Refinery Turns Fat Into Renewable Fuel

He said it’s the only technology known that can convert biodiesel into renewable diesel....

 

The company behind a refinery to turn fat and grease into renewable fuels says the pilot plant could soon offer another local market for Alberta farmers and cut greenhouse gas emissions at the same time.

Edmonton-based SBI BioEnergy is building the approximately $10-million mini-refinery at the Edmonton Research Park to demonstrate proprietary technology that turns vegetable oils, animal fats and tall oil — a by-product of the pulp and paper industry — into renewable diesel and jet fuel.

The project would also help attract investment partners that SBI needs to move into its full-scale production goal of 240 million litres a year by 2018.

“This is a crucial step for getting into commercialization,” said Inder Singh, founding president and CEO of SBI, at the official groundbreaking on Monday.

“We have been working on this technology for over eight years now and finally we’ve got to this point.”

When it begins operations in 2016, the pilot plant will be capable of producing up to 10 million litres of “drop-in” renewable diesel and jet fuels.

Drop-in refers to the fact they are chemically indistinguishable and perform similarly to petroleum fuels. Singh believes his products may eventually replace biodiesel and ethanol.

Renewable fuels can cut greenhouse gas emissions because higher concentrations can be blended into regular fuel to meet renewable fuel standards.

Refineries in Canada prefer to buy renewable diesel over biodiesel because it is fully compatible with existing infrastructure, distribution systems and engines, according to SBI.

SBI’s refining process uses a catalytic technology that doesn’t use any water or create any waste material or use any hydrogen, Singh said.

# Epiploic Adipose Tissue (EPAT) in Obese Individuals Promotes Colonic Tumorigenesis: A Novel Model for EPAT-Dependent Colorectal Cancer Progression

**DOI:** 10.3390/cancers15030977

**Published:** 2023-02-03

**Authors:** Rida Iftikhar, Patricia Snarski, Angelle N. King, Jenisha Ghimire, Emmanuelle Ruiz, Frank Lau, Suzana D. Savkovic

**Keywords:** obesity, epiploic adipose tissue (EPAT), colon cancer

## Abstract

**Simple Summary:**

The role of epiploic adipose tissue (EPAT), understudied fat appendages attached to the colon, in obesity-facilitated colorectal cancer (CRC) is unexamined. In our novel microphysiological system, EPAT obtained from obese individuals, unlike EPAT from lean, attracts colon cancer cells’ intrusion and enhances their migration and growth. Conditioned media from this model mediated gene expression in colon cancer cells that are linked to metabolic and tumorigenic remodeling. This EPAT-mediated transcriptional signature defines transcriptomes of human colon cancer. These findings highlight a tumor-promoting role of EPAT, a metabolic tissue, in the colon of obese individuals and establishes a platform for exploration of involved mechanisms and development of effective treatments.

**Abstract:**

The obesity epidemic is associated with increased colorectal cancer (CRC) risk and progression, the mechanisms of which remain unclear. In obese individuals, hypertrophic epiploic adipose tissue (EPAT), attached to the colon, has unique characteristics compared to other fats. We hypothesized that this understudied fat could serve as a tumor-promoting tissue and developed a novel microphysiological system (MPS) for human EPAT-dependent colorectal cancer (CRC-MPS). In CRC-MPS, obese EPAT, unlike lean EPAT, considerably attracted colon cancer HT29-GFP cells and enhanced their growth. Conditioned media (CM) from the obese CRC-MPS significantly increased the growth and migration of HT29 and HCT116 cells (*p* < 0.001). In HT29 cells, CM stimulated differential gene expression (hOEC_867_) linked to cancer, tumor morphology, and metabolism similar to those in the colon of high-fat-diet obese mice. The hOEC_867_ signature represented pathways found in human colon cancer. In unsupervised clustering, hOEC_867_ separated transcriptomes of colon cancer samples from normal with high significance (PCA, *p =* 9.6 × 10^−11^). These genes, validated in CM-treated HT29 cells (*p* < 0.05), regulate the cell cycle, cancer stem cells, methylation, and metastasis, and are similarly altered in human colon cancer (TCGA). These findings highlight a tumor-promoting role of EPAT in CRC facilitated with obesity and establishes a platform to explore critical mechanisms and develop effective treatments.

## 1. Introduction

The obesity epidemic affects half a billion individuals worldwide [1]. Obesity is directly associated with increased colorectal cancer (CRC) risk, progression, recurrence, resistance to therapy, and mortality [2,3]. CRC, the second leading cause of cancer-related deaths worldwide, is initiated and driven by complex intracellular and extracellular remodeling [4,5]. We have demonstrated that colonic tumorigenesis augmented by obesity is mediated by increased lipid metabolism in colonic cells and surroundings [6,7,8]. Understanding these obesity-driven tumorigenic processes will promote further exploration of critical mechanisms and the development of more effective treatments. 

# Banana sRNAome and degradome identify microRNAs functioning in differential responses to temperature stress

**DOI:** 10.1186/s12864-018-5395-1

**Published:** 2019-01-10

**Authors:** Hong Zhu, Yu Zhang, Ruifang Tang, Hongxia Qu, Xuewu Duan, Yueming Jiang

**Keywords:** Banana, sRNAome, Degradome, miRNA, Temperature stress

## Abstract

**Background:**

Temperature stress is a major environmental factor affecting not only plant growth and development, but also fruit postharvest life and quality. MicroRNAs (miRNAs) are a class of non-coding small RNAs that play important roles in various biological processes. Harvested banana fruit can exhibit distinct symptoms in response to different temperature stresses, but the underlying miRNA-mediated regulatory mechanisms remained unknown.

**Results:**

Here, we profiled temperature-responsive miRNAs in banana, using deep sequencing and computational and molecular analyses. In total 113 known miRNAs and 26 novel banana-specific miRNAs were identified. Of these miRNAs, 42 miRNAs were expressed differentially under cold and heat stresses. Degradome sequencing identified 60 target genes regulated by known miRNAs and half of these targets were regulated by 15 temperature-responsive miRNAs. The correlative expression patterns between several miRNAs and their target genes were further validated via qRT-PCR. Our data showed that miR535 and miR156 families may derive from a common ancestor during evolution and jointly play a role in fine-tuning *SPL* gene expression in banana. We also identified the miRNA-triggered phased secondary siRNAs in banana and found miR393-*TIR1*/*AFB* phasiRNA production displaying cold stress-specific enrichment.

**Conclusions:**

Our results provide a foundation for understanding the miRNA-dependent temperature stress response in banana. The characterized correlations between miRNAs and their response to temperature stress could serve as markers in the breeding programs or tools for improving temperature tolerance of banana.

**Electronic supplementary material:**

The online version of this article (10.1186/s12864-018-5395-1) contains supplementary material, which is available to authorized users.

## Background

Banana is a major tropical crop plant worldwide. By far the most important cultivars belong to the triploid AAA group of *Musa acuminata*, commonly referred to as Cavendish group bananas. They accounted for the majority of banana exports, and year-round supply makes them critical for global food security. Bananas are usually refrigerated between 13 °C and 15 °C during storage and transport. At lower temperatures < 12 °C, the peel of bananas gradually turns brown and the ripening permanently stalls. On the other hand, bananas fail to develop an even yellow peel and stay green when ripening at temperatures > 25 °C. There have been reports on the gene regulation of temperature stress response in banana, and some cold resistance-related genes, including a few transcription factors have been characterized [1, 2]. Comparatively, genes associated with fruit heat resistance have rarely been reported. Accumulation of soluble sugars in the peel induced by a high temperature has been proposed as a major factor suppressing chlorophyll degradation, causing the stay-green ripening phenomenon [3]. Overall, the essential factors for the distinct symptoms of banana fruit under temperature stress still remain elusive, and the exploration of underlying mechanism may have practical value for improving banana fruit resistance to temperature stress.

He said it’s the only technology known that can convert biodiesel into renewable diesel.

Locating the plant in Edmonton is a way to repay the community where he arrived in 1987 as a researcher on a two-year project but stayed to start a family and a business.

The process could become a new market for non-food canola, damaged by weather or in storage, he said.

“Once our commercial plant is up, we will probably be buying in the tune of $200 million worth of farm produce,” Singh said.

SBI expects to hire 25 more employees within a year to add to its current staff of eight.

The pilot plant received financial support and assistance from partners including Alberta Innovates Bio Solutions, the City of Edmonton, the Edmonton Economic Development Corp, the federal and provincial governments and Alberta Innovates Technology Futures.

“We’re pleased to have financially supported development of SBI’s new renewable fuel pilot plant,” said Steve Price, CEO of Alberta Innovates Bio Solutions.

“Its facility strengthens Alberta’s expanding bioproduct sector and gives Alberta farmers a new market for off-grade canola.”